I'm re-reading Albert Camus' novella The Stranger right now, for a variety of reasons. I don't speak French and so I only know the work through English translations. Specifically, I know it from the 1946 Stuart Gilbert translation, which I read way back in college. That's not the edition I have at home, however. The edition I'm currently reading is newer: the 1988 Knopf edition translated by Matthew Ward. From the very first page, I realized that Ward's translation was going to be quite different from the version I first read. I'll give you the opening passages from both editions.
From the 1946 translation by Stuart Gilbert:
Mother died today. Or, maybe, yesterday; I can’t be sure. The telegram from the Home says: YOUR MOTHER PASSED AWAY. FUNERAL TOMORROW. DEEP SYMPATHY. Which leaves the matter doubtful; it could have been yesterday.
The Home for Aged Persons is at Marengo, some fifty miles from Algiers. With the two o’clock bus I should get there well before nightfall. Then I can spend the night there, keeping the usual vigil beside the body, and be back here by tomorrow evening. I have fixed up with my employer for two days’ leave; obviously, under the circumstances, he couldn’t refuse. Still, I had an idea he looked annoyed, and I said, without thinking: "Sorry, sir, but it’s not my fault, you know."
From the 1988 translation by Matthew Ward:
Maman died today. Or yesterday, maybe, I don't know. I got a telegram from the home: "Mother deceased. Funeral tomorrow. Faithfully yours." That doesn't mean anything. Maybe it was yesterday.
The old people's home is at Marengo, about eighty kilometers from Algiers, I'll take the two o'clock bus and get there in the afternoon. That way I can be there for the vigil and come back tomorrow night. I asked by boss for two days off and there was no way he was going to refuse me with an excuse like that. But he wasn't too happy about it. I even said, "It's not my fault."
Gilbert's language is more formal than Ward's; he uses longer phrases and is perceptibly less immediate (compare his "which leaves the matter doubtful" to Ward's "that doesn't mean anything.") Ward's translation seems to me to be a very American version of the narrative, with his clipped rhythms and less complex sentence structure.
Gilbert also translated the edition of The Plague that I read, and so my idea of Albert Camus is more-or-less based on Stuart Gilbert's idea of Albert Camus (I'll have to see who translated the edition of The Fall I read). Peter Newmark has written critically of Gilbert's "jigging up" of Camus' text and the problematic nature of translation in general, but today I'm not interested in the challenges of translation. What I'm thinking about lately is word choice and the enormous effect it has on writerly voice. Reading the recent Camus translation just sort of spurred me on to write this post today. (Apologies for not making this a Friday Filler, Davin.)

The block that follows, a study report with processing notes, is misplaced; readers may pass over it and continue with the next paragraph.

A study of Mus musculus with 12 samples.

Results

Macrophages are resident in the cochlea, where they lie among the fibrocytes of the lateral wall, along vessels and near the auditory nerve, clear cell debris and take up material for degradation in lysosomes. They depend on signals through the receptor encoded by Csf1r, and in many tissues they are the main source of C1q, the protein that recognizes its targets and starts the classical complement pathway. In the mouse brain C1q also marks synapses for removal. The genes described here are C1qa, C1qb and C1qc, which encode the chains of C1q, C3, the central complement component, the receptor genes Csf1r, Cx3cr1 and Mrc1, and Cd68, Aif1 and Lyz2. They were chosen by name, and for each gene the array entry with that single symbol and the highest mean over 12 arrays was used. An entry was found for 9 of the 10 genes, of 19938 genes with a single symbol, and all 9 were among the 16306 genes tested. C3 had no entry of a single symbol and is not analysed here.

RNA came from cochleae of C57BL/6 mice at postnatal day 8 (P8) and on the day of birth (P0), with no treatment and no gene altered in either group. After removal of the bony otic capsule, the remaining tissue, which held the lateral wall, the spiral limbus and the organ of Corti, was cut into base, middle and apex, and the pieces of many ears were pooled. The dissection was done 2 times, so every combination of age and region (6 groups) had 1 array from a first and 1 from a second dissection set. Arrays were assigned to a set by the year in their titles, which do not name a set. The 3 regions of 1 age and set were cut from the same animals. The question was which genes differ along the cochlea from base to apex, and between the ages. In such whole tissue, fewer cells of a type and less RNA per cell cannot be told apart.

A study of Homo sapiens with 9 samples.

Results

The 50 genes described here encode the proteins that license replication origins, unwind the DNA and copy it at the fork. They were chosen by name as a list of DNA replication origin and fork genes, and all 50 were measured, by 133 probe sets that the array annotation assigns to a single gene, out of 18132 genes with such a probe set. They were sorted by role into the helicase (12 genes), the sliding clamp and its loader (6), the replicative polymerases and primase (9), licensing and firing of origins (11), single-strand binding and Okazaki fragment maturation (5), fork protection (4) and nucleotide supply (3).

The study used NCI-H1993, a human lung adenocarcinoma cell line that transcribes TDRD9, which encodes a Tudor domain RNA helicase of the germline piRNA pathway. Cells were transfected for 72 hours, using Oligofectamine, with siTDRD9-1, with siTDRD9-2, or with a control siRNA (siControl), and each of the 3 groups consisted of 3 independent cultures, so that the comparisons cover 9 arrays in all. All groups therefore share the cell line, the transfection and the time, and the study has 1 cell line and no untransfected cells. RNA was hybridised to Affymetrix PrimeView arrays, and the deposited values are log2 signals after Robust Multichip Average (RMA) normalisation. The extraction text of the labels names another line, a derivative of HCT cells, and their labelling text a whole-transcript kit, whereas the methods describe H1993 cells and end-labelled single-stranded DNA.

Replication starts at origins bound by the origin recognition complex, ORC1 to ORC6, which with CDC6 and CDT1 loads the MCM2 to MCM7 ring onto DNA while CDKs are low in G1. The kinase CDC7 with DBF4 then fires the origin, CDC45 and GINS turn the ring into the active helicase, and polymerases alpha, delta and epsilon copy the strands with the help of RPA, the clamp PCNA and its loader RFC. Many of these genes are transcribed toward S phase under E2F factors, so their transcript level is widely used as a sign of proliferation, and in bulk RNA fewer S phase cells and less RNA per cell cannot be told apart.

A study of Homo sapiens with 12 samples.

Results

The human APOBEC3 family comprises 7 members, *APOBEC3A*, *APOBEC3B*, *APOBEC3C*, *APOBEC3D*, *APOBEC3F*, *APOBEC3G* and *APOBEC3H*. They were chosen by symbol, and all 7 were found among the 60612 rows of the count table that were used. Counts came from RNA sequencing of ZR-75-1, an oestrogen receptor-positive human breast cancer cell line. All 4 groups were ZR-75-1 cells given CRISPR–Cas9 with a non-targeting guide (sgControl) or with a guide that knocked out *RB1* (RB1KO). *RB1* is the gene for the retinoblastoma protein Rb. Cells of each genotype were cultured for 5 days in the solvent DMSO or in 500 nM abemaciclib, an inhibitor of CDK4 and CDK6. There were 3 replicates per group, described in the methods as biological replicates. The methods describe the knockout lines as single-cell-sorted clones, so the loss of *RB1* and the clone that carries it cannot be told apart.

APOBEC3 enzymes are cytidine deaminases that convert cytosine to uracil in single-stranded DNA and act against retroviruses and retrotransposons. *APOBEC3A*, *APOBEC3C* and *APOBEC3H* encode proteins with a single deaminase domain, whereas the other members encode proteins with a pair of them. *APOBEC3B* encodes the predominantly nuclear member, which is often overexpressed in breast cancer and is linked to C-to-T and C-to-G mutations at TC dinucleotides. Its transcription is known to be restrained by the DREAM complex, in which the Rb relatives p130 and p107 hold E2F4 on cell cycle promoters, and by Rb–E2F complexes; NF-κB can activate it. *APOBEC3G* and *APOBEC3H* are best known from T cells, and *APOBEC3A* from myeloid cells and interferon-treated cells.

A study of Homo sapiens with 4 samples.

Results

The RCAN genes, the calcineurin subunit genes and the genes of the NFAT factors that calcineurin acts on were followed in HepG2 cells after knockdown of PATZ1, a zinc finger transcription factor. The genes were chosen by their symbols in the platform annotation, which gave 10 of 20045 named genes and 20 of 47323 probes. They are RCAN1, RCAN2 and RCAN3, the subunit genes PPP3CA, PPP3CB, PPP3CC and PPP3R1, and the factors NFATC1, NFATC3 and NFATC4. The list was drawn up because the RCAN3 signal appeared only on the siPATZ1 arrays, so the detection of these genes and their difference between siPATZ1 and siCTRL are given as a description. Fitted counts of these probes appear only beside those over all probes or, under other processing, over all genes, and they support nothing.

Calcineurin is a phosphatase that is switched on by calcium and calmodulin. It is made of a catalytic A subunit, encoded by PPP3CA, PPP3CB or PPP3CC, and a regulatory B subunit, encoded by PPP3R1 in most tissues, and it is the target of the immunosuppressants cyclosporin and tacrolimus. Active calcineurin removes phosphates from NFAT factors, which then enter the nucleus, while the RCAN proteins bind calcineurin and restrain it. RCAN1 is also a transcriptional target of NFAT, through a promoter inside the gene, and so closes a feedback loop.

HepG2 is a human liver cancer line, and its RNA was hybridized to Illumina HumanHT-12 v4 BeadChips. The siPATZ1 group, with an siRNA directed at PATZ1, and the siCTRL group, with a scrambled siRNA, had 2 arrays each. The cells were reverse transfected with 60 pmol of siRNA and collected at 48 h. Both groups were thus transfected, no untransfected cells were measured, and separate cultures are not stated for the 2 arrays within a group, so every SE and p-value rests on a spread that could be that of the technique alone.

I've been noticing that, no matter if I'm writing from a first-person or a third-person point of view, or if I'm writing about people from the 16th century or the 21st century, I tend to use the same set of words in the same sort of ways in a great many cases. And while I try to expand my working vocabulary all the time (because I like to learn new words), I have noticed that one thing that creates boundaries around my vocabulary is a refusal to use certain words at all.
There are some words that I just don't like, and some words that I absolutely hate with a hatred usually reserved for use by totalitarian dictators considering their political enemies. My novels and stories are mostly free of current slang, for example. I just don't like it on the page. That's really more a stylistic choice, though.
No, the words you won't find in my writing are words that I just, for whatever reason, don't like the sound of. I'll use "vomit" but I'll never use "puke." I'll say "bellow" but never "holler" and rarely "yell." And "crappy" yes but "shitty" no. I have no idea why, except that I don't like the sound of "shitty." Possibly, in general, I tend to lean more toward Latinate words and away from Anglo Saxon words, but I'm just guessing. Surely "I should prefer not" and "I don't want to" mean the same thing, but they are spoken by two different voices and Melville's Bartleby would be less compelling and enigmatic had he said "I don't want to." (What? You haven't read Bartleby the Scrivener? Off you go to find it on Project Gutenberg or on the Melville House website. It's short so you've got no excuse.)
Anyway, I've been thinking about how writerly voice is partially defined by the words we won't (or should prefer not to) use. I know that the list of words I refuse to use is as long as my arm but--maybe because I don't use them--I can't think of many right now. Which is sort of irritating, you know? Here I am trying to make a point and I can't come up with any examples. Oh, "garbage." I don't like that word. I prefer "trash" or "rubbish." Go figure.
You? Words you can't stand/won't use? Thoughts on word choice as influence on voice? Too obvious? Why do I waste your time with posts like this? Hey, maybe this is Friday Filler after all!